Speaker John BoehnerJohn Andrew BoehnerRift widens between business groups and House GOP Juan Williams: Pelosi shows her power Debt ceiling games endanger US fiscal credibility — again MORE (R-Ohio) and Senate Minority Leader Mitch McConnellAddison (Mitch) Mitchell McConnellBiden says he's open to altering, eliminating filibuster to advance voting rights Pelosi says GOP senators 'voted to aid and abet' voter suppression for blocking revised elections bill Manchin insists he hasn't threatened to leave Democrats MORE (R-Ky.) blasted President Obama's call for stricter regulation to enforce open Internet rules on Monday.
Boehner said House Republicans would continue their push to "stop misguided schemes to regulate the Internet."
"It’s disappointing, but not surprising, that the Obama administration continues to disregard the people’s will and push for more mandates on our economy," Boehner said in a statement.
McConnell, who is poised to become Senate majority leader when Republicans take control of the upper chamber in January, said the growth of the Internet and mobile technology has happened because of the FCC's light regulatory touch.
"The President’s decision today to abandon this successful approach in favor of more heavy-handed regulation that will stifle innovation and concentrate more power in the hands of Washington bureaucrats is a terrible idea," McConnell said in a separate statement. "The Commission would be wise to reject it."
Both leaders penned separate letters to Federal Communications Commissioner Tom Wheeler in May warning of the dangers posed by reclassifying broadband Internet under regulations governing traditional telephones in Title II of the Telecommunications Act. They had called on the FCC to work with Congress to update its statutory authority to regulate the Internet.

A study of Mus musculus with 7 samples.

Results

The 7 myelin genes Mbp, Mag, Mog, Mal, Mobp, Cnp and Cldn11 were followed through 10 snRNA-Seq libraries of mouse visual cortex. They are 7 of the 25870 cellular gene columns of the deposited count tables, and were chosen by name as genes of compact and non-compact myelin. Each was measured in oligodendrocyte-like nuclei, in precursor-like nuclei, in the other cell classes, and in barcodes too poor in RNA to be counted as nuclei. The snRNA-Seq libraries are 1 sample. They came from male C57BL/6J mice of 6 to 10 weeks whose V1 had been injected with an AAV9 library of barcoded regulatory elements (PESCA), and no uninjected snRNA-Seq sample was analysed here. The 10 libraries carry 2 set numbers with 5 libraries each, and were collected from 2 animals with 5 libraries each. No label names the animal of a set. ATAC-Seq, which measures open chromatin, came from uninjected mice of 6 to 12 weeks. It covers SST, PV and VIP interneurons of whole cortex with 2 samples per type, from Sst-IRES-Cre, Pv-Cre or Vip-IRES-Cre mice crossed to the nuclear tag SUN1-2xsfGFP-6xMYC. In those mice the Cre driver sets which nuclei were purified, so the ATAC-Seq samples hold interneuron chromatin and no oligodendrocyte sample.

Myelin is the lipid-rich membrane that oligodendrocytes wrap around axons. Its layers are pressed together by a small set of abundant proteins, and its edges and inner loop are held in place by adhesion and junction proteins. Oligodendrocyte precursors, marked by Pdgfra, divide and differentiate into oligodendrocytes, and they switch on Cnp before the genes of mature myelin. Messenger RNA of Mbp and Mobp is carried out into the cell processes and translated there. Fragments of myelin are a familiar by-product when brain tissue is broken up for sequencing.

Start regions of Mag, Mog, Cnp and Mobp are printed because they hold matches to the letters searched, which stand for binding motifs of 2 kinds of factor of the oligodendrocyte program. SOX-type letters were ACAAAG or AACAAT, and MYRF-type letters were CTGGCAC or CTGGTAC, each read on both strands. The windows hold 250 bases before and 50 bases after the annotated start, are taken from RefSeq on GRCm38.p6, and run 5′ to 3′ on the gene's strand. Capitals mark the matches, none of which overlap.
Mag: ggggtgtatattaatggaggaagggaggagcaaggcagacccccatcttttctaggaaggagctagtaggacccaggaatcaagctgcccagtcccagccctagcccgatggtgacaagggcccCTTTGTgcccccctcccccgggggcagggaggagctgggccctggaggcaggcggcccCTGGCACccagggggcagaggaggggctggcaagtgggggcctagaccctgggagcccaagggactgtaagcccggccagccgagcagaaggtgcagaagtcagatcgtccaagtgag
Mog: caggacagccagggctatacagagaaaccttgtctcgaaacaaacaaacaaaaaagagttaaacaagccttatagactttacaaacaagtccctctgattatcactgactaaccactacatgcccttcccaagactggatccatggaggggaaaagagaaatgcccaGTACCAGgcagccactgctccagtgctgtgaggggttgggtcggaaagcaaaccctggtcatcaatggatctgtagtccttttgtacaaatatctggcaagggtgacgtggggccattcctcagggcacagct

The FCC is rewriting its rules after they were struck down earlier this year.
Republicans and Internet service providers have been almost universally against the stricter regulations, meant to prevent providers from blocking or slowing service to websites selectively. The looming regulatory action is also meant to prevent providers from negotiating deals with websites that are willing or able to pay for faster service.
Trade groups representing technology companies, like Netflix and Facebook, have backed the stronger regulations in the past and applauded Obama’s statement on Monday.
Obama called the FCC to use the "strongest possible" rules to protect net neutrality, specifically citing Title II.
"So the time has come for the FCC to recognize that broadband service is of the same importance and must carry the same obligations as so many of the other vital services do," he said.